This past weekend (on May 13), the hispanic feminist liberation theologian Ada Maria Isasi-Diaz died. Is “hispanic feminist liberation theologian” too much of a mouthful? She thought so, too. Each of those adjectives is accurate as a description of her work, but all strung together like that, they sounded like a tangle of disparate threads. So she coined a single term to name her single project: mujerista theology.
Isasi-Diaz was certainly committed to the liberationist mode of doing theology. Her basic commitments were all located in that liberal theological family that includes feminist theology, Latin American liberation theology, Black theology, and other such movements. But Isasi-Diaz was wary about situating her work in what she saw as the overly-cozy academic confines of feminist theology. It seemed to her that white feminists just never got around to addressing the concerns that were characteristic of the experience of hispanic women. Black feminists had made a similar observation not long before, and had coined the term “womanist” to distinguish their issues from white feminist issues. Isasi-Diaz followed suit, coining “mujerista theology” to signal a different, and more complex, set of issues for her theological project.
With her mujerista theology, Isasi-Diaz wasn’t just playing the “more victimized than thou” card, adding a layer of race and ethnicity to the feminist project. Isasi-Diaz had thought through her Cuban origins and her American context, and had a burning desire to get the theological voice of hispanic women heard. As a result, she brought a few new and interesting things to the theological table.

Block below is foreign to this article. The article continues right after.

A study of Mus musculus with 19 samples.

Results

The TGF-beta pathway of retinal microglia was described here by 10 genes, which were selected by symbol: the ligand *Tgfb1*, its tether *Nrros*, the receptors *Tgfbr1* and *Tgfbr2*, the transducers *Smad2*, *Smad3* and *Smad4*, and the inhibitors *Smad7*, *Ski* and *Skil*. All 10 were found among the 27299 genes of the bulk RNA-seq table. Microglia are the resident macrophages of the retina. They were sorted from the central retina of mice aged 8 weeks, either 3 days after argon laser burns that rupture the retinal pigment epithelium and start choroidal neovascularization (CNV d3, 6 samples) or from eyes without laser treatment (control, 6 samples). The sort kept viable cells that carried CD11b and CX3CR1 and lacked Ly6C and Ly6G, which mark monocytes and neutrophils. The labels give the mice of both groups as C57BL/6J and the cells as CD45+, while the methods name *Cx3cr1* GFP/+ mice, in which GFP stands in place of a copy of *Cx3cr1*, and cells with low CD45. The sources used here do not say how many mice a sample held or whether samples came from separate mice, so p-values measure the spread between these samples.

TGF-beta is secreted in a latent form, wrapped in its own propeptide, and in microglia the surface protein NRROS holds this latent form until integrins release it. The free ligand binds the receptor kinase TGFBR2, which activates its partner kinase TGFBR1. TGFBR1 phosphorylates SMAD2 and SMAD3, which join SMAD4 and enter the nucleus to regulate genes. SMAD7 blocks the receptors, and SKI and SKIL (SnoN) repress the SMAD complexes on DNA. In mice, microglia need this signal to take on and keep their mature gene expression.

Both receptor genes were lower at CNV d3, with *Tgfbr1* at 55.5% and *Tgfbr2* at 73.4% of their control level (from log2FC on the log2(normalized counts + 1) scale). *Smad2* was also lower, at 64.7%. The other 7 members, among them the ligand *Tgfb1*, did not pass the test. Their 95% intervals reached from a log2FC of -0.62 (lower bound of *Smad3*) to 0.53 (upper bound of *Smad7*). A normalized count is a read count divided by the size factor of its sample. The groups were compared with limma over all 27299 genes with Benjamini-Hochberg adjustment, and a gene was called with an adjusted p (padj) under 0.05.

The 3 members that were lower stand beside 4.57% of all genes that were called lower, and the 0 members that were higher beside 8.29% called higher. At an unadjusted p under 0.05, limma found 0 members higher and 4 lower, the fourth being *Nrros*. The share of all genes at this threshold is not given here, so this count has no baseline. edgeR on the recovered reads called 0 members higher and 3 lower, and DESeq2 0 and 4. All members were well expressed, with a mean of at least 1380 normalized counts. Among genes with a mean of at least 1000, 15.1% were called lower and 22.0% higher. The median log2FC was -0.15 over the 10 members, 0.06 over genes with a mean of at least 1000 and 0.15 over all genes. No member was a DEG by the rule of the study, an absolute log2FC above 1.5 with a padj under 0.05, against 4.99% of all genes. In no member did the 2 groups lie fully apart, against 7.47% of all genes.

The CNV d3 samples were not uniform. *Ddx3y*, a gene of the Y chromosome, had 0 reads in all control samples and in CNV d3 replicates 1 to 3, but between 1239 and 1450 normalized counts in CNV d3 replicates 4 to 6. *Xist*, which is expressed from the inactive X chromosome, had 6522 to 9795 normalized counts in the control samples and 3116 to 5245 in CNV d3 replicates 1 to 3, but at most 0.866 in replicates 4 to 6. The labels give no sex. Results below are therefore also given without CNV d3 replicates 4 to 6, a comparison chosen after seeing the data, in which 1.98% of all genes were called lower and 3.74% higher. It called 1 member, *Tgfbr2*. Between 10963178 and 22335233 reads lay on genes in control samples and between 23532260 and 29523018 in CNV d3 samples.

First, methodologically: Isasi-Diaz incorporated some ethnography and field research into her theological work. She interviewed hispanic women and incorporated their statements directly into her published work. She went out of her way to include their arguments and their own terminology even when she disagreed with them. She positioned herself as an organic intellectual, an academically trained member of her ethnic and religious community, whose task was to make the voices of hispanic women present in theological discussion. There is a fine line between speaking for a community and speaking from a community. When you anoint and appoint yourself a spokesman for a community, you’ve got a long leash and a lot of privilege. “Speaking as a woman, bla bla bla.” But Isasi-Diaz tried to keep herself accountable to the religious experience of hispanic women in such a way that she spoke, not instead of or even on behalf of them, but as one of them who had gone to get a PhD, and who brought their own words into the discussion.
Second, stylistically: There’s Spanish, spanglish, and who knows what all over her writings. I found a recipe for Puerto Rican pasteles in one of her footnotes! Her best book, En la Lucha, is an English book with a Spanish title, and it includes Spanish chapter summaries throughout. The first few times you encounter these linguistic moves, you think they’re gimmicks. When you realize Isasi-Diaz is never letting up with them, you realize the medium is part of the message. Do the voices of hispanic women need to be heard in theological conversations? Si! (Not sure I got that translation right.)